Is Russia the answer to General Motors'
It's looking like it might be part of an answer, at least. GM's European subsidiary Adam Opel AG is bleeding cash, hobbled by structural problems that will take several years to fix. Opel's intractable problems have held back GM's global profit growth and put a damper on its share price.
But a big new investment by GM in St. Petersburg might turn out to be good medicine for Opel -- and for GM shareholders.
To Russia, with high hopes
GM CEO Dan Akerson announced late last week that the company will more than double the production capacity of an existing plant in St. Petersburg that will make the new Opel Astra sedan, along with several Chevrolet models. The investment in the plant, part of a $1 billion package GM plans to spend in Russia over the next five years, will increase the factory's annual production capacity from its current 98,000 vehicles to 230,000 vehicles by 2015.
GM's total Russian production capacity will be 350,000 vehicles per year once this expansion is completed, as production at a separate plant in Tolyatti will be boosted as well. GM's investment will also fund an expansion of local engineering resources as the company works to develop and fine-tune products for the local market.
Opel is just part of GM's Russian picture -- the brand's vehicles are sold alongside those of GM's two "global" brands, Chevy and Cadillac -- but it's a part that the General hopes to expand as it looks for ways to mitigate the German subsidiary's losses, which ran to $747 million in 2011 and have totaled more than $16 billion since 1999. Of the roughly 244,000 vehicles GM sold in Russia last year, about 67,600 were Opels -- a number GM hopes to push up to around 100,000 over the next couple of years.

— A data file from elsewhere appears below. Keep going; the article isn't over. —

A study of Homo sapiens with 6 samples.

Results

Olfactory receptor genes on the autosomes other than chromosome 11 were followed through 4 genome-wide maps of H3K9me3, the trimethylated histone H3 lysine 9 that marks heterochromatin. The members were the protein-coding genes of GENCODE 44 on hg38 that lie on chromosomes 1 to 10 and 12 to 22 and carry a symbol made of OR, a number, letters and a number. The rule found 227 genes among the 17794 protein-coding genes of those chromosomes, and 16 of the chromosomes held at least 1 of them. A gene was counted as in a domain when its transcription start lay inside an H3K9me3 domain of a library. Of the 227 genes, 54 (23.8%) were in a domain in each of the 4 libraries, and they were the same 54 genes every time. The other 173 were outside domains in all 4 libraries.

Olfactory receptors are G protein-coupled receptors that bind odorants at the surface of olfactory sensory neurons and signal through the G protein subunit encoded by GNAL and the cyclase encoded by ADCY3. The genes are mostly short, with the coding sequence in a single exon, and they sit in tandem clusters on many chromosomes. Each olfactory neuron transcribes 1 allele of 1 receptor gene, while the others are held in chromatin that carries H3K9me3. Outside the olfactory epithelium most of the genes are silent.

Making the most of a losing situation
GM announced earlier this month that it plans to close an Opel factory in Bochum, Germany, and that it would delay pay raises due to workers in the interim. But that plant closure won't happen until late 2016 at the earliest, and GM will likely need to close a second Opel plant to bring the unit back to breakeven -- particularly if difficult economic conditions in Europe persist.
These are hard, long-drawn-out moves, as plant closings are politically fraught ordeals in Europe and especially in Germany, where Bochum could be the first auto factory to close since the end of World War II. To help take the pressure off, GM has been looking to expand Opel's presence outside its core market in Western Europe -- in China as well as in Russia.
GM is the biggest automaker in China with annual sales over 2 million, but it sold just 5,000 Opels in the Middle Kingdom last year. Increasing that to 20,000 is a near-term goal -- but unlike in Russia, Chinese Opels face competition from their own stable-mate, Buick, which has a product line that overlaps Opel's.
A good start on a growing market in Russia
Russia's auto market is nowhere near the size of China's -- yet -- but as it did in Russia's southern neighbor, GM has done a good job of getting in on the ground floor. Chevrolet was Russia's best-selling foreign auto brand last year, and is running neck and neck with Renault (OTC: RNSDF) so far in 2012.
But even now, there's plenty of competition. Ford
Russia is already the second-largest auto market in Europe, behind Germany, and analysts expect moderate growth to continue over the next several years. While it won't reach the nearly 20 million-per-year market of China's, 3 million vehicles a year is likely in the near future, analysts say.
GM is hoping to have a sizable part of that. And if Opels catch on with Russian consumers, it could make things a bit easier on the General -- and on its shareholders.